PEN International has called on the Maltese government to review the decision to promote the Labour Party stalwart Jason Micallef to Chairman of the Valletta Cultural Agency.
“Dismayed” at the news, the highly respected international NGO has called for the Maltese government to “urgently reconsider this promotion and hold him accountable for his vilification of Daphne Caruana Galizia”.
We are dismayed by Jason Micallef’s appointment as chair of Valletta Cultural Agency despite an obvious conflict of interest. @MaltaGov must urgently reconsider this promotion and hold him accountable for his vilification of #DaphneCaruanaGalizia.https://t.co/xOVfifcFMz
— PEN International (@pen_int) April 9, 2019
PEN was referring to Micallef’s repeated attempts to mock the assassinated journalist while he held the position of Chairman of V18 Capital of Culture. He also regularly called for the removal of banners calling for justice for Caruana Galizia, calling them “another act of provocation”.
Over 300 writers signed the letter calling for his removal from position, including Salman Rushdie, Ian McEwan, and a number of world-renowned journalists. National and international artists had joined calls for his removal, even by 72 MEPs and civil society activists.
PEN had criticised “the total lack of accountability in Malta” in a letter to Prime Minister Joseph Muscat, and on the one-year anniversary of Caruana Galizia’s assassination, PEN International had said in an op-ed that it was “a dark day for Malta“.
In a post on social media while he was still V18 chairman, Micallef posted a photo of revellers on St Patrick’s Day in St Julian’s, mocking the slain journalist’s last words “the situation is desperate”.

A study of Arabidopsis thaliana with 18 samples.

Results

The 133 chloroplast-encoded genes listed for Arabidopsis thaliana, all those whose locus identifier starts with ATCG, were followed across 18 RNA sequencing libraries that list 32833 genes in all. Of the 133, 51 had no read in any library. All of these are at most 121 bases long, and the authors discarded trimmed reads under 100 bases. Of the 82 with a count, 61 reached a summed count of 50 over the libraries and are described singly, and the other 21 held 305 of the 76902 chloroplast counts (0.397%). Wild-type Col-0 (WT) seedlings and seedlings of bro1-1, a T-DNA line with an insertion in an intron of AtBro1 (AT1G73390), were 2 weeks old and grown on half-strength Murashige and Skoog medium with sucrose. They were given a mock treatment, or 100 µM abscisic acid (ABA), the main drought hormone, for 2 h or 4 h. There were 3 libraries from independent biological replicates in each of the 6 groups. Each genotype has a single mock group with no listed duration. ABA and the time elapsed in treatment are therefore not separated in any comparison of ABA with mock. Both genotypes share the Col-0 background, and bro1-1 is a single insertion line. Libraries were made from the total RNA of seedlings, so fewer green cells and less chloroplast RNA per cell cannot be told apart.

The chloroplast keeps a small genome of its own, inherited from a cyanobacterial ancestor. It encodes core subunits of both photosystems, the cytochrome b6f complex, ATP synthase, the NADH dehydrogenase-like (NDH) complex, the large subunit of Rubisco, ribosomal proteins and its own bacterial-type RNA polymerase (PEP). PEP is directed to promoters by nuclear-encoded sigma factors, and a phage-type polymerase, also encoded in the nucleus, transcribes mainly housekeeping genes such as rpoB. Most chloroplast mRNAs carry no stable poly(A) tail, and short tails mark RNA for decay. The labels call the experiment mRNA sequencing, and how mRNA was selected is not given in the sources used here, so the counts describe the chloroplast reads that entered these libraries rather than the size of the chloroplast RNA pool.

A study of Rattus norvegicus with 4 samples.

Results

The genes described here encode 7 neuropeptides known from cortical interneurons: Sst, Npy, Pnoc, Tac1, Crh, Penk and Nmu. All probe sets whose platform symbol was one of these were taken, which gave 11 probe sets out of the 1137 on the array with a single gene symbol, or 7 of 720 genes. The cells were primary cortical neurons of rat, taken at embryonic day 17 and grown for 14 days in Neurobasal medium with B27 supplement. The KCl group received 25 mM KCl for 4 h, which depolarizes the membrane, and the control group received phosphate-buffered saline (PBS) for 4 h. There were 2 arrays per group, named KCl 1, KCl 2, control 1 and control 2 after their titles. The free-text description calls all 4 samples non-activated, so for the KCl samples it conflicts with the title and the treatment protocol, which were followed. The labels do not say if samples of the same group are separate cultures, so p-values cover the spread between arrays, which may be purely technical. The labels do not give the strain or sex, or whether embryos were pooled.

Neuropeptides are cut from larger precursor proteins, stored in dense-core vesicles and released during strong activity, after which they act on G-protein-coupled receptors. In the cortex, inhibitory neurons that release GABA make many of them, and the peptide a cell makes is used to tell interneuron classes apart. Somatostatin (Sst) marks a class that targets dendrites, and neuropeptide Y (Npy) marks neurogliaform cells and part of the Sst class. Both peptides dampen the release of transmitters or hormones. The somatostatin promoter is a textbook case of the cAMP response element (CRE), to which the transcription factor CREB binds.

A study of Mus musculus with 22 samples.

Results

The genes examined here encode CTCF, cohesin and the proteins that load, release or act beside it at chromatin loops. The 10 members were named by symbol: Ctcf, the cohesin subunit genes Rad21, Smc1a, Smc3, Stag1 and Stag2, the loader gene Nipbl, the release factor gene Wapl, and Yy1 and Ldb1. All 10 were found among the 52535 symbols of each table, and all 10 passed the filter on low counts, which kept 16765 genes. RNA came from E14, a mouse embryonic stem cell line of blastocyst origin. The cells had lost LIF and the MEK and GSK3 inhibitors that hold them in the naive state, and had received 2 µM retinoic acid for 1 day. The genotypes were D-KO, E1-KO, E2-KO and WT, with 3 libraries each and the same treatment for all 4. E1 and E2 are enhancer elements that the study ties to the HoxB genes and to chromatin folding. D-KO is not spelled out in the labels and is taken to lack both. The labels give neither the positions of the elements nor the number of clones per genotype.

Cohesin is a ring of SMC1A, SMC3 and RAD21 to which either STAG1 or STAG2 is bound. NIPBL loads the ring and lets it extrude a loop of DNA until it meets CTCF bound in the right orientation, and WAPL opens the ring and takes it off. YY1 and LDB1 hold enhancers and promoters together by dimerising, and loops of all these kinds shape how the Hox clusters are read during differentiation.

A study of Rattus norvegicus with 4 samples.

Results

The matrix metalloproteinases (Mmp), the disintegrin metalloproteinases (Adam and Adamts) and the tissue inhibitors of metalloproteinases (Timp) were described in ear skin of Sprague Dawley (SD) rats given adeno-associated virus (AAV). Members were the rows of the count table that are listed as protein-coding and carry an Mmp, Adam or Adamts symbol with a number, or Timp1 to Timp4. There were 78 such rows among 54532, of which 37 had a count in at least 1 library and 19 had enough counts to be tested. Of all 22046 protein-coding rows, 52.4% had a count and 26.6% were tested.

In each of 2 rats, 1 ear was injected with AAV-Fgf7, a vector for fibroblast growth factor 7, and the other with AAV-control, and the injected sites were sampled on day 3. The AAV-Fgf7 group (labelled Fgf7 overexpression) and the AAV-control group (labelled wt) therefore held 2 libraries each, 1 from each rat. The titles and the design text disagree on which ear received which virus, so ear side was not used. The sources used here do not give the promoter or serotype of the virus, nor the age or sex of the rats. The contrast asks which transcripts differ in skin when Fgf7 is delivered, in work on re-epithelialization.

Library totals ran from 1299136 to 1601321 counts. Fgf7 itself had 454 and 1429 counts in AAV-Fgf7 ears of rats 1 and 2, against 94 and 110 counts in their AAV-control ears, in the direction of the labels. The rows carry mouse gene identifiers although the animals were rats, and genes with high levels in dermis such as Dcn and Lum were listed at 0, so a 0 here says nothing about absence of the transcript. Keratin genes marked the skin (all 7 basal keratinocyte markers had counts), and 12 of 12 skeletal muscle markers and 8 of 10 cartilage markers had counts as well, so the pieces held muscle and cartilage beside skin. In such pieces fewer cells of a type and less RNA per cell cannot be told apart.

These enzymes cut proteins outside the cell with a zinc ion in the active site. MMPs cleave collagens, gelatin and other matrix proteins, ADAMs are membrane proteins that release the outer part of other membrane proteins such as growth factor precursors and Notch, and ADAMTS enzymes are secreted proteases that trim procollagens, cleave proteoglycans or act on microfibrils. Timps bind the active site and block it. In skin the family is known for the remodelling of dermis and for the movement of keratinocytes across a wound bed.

His behaviour had led to a diplomatic rift with the twin capital of culture Leeuwarden- Friesland. The Dutch Foreign Affairs Minister Stef Blok was called on to intervene after comments made by Micallef about Caruana Galizia led to a dispute between the two committees. Justice Minister Owen Bonnici had defended Micallef’s comments as “free speech” during a live press conference.
PEN International’s tweet followed the news that Micallef was to be appointed chairman of the new Valletta Cultural Agency, while also being the executive chairman of One Productions – the Labour Party in government’s media house.
This should constitute a conflict of interest because Micallef should have been disqualified from holding his new position in the agency, according to Maltese law. Anyone with “financial or other interests in any enterprise of activity which is likely to affect the discharge of these functions” is barred.
However, a provision was inserted into the law allowing the same Minister who defended him to waive the disqualification at his discretion. Notice of the waiver was posted in the Government Gazette on 29 March, one day after the new agency was launched. In the notice, Micallef stated his interest and the Minister waived it.
But the outrage from PEN International, is not only related to the very obvious conflict of interest that still exists despite the “waiver” from Bonnici.